In the wake of the deadly shooting in Las Vegas, the debate over gun control is fiercely raging once again, with some hoping to revive a failed attempt to ban assault weapons in 2013.
That attempt came after the Sandy Hook Elementary School shooting in December 2012, when 20 children between the age of 6 and 7 years old and six school administrators were killed. The national tragedy prompted outrage and a swift call to action. Just a month after the shooting, Sen. Dianne Feinstein, D-Calif., proposed a bill that included a provision banning the sale, transfer and manufacturing of 150 specific weapons.
But the bill was defeated -- and Democrats were part of the reason it tanked.
Breaking down the vote
When the bill came to a vote on April 17, 2013, there were 40 votes in favor of the bill and 60 opposed to it.
In addition to Feinstein and the bill's 24 Democratic co-sponsors -- a quarter of the Senate -- 13 other Democrats voted for it. They were joined by Sens. Bernie Sanders, I-Vt., and Mark Kirk, R-Ill. On the opposing side, there were 44 Republicans, one independent and, somewhat shockingly, 15 Democrats.
While the 15 Democrats who essentially broke party lines and voted against the bill did have an impact on the optics of the vote total, they didn't entirely cause the bill's failure. Even if the 15 Democrats who voted against the bill had switched their votes, it would have been short five votes to pass because it needed 60 votes total.
According to John Tures, a political science professor at LaGrange College in Georgia who has studied assault weapon bans, the slim majority that the Democrats held at the time played a big role in the vote.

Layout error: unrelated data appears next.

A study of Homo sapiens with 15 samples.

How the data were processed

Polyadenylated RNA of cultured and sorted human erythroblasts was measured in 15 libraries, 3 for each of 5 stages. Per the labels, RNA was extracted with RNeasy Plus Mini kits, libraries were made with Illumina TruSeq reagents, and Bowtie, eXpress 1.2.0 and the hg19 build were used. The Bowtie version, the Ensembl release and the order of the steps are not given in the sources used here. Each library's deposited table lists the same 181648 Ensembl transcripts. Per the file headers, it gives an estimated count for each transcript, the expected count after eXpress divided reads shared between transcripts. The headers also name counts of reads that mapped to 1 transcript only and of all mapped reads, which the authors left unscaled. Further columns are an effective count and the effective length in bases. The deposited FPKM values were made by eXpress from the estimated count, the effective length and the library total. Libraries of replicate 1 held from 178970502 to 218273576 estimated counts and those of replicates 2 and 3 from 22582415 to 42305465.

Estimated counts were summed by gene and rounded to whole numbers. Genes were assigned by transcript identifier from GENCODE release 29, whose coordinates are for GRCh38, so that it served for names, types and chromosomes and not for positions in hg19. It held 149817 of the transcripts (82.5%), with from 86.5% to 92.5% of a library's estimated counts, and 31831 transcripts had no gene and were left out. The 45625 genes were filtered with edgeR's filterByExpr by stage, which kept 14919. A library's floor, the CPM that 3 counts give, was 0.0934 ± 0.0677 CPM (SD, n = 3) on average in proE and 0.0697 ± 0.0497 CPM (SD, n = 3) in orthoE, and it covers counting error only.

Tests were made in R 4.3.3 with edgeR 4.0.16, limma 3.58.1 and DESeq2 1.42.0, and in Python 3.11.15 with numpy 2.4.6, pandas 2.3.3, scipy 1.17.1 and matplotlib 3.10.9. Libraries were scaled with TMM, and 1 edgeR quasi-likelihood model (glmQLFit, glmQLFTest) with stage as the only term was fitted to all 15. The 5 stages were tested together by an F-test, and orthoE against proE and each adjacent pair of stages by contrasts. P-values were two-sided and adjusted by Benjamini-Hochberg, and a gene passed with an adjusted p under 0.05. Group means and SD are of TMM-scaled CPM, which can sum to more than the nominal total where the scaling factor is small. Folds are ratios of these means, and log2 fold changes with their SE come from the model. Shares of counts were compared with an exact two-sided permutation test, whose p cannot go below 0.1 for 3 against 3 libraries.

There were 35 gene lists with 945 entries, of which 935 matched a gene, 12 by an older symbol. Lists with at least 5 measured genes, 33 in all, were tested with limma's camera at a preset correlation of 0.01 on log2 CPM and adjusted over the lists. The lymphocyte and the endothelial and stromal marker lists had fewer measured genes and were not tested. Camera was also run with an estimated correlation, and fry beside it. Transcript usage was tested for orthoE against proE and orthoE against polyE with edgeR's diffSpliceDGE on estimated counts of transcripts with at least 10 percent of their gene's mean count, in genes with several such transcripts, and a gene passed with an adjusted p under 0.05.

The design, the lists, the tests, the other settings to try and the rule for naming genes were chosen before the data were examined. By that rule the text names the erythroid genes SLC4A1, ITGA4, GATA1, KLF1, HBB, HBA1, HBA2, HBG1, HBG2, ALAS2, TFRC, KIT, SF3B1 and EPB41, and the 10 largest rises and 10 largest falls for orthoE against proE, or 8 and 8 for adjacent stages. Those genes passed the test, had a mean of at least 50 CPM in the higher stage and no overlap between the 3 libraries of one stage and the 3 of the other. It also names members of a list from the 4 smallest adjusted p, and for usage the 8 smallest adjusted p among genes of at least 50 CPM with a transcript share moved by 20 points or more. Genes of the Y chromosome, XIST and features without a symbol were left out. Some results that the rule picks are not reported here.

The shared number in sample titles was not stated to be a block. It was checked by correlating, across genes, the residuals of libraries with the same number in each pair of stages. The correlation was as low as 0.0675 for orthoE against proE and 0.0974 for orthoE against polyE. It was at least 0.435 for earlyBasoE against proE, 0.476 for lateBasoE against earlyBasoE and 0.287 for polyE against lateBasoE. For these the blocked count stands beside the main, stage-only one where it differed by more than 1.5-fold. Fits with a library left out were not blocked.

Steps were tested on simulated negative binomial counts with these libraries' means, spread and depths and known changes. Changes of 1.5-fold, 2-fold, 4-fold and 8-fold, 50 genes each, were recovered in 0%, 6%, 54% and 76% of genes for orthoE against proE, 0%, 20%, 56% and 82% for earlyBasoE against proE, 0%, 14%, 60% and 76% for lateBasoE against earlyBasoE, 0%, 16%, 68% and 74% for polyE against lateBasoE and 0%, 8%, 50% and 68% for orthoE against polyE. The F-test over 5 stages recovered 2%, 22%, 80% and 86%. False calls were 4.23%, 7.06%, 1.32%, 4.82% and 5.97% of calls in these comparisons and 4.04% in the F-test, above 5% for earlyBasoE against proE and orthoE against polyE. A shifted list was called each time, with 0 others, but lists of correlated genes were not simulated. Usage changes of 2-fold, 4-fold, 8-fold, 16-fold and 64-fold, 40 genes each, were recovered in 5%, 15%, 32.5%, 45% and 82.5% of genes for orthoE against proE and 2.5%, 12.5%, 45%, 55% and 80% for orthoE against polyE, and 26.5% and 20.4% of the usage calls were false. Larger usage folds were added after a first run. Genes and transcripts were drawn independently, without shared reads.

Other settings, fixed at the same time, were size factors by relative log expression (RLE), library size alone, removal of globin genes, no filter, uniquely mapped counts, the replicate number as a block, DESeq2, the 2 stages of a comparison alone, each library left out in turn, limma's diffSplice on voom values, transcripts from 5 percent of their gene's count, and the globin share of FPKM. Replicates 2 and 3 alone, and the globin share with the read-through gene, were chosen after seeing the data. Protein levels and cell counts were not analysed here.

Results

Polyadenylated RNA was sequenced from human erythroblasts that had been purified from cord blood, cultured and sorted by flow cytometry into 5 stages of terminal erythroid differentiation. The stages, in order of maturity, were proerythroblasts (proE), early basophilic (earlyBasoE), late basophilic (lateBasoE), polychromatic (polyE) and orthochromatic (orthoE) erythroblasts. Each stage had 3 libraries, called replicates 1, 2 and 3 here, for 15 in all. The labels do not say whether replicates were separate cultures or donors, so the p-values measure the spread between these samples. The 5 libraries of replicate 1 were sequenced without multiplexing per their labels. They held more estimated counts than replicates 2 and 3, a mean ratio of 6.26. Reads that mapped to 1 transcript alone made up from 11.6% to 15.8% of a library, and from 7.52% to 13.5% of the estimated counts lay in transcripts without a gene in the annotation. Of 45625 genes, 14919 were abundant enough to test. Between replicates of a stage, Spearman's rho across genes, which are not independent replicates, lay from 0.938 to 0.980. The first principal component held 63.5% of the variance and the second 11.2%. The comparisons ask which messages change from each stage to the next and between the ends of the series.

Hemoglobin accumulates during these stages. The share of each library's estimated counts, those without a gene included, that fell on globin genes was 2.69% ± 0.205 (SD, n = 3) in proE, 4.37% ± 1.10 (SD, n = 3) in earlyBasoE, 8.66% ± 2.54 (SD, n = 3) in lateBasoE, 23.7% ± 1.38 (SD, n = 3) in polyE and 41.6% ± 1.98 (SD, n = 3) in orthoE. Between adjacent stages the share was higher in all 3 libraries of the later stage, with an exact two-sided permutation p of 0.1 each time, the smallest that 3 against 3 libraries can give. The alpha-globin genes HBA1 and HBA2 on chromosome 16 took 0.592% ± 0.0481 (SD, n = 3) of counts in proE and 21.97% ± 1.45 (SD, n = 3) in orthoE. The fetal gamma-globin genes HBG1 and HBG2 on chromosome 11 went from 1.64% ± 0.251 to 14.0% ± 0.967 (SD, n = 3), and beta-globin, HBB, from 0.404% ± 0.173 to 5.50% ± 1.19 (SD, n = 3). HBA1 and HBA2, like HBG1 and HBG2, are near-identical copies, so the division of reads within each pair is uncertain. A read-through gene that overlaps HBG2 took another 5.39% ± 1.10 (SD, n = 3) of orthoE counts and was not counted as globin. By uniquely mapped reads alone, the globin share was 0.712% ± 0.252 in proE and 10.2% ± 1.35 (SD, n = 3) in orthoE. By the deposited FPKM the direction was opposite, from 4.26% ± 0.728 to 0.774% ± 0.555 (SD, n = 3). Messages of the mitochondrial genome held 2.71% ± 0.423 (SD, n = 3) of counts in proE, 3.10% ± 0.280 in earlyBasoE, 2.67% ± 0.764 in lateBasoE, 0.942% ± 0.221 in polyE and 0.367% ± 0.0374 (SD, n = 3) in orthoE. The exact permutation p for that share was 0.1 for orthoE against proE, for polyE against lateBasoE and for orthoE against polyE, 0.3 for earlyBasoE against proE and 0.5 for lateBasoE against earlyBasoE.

After the 2012 election, Democrats had 53 seats in the Senate, while Republicans had 45 seats and independents held two.
"We'll remember that the Democrats held a majority but it wasn't a strong majority so they were concerned about losing seats, especially about in red states," Tures told ABC News.
"It made them very nervous about voting for it," he said.
Of the 15 Democrats who voted against the assault weapon ban, many of them hailed from traditionally red states like Montana, Louisiana, Arkansas, Indiana, Alaska, North Carolina and both Dakotas. Others were in swing states like Virginia, Colorado and West Virginia who could face significant challenges.
"The individual members were worried about losing their seat, and I think that in general, that as a whole they were worried about losing members," Tures said.
Beyond that, while there was a majority of public support for a ban, that was narrow as well. According to an ABC News/Washington Post poll taken from April 11 to 13, 2013, 56 percent of respondents supported a nationwide ban on the sale of assault weapons.
More generally, 52 percent of respondents supported enacting laws to limit gun violence.
Could a ban on assault weapons pass now?
Public opinion has shifted over time, however.
In a June 22, 2017 Pew Research poll, nearly 80 percent or more of both gun owners and non-gun owners support background checks for private sales and at gun shows, barring people on the no-fly or watch lists from buying guns, and preventing mentally ill individuals from buying guns.
There is more of a gap between owners and non-owners when it comes to banning assault-style weapons, but even that is nearing the tipping point: 77 percent of non-gun owners surveyed supported a ban on assault-style weapons and 48 percent of gun owners did too.
The spread was similar when it comes to banning high-capacity magazines, with 74 percent of non-gun owners and 44 percent of gun owners in favor.
And apparently, the Senate is listening.
Feinstein said on Oct. 3, two days after the Las Vegas shooting, that she was "considering" reintroducing the assault weapon ban bill, and on Oct. 4, she introduced a bill "to close a loophole that allows semiautomatic weapons to be easily modified to fire at the rate of automatic weapons."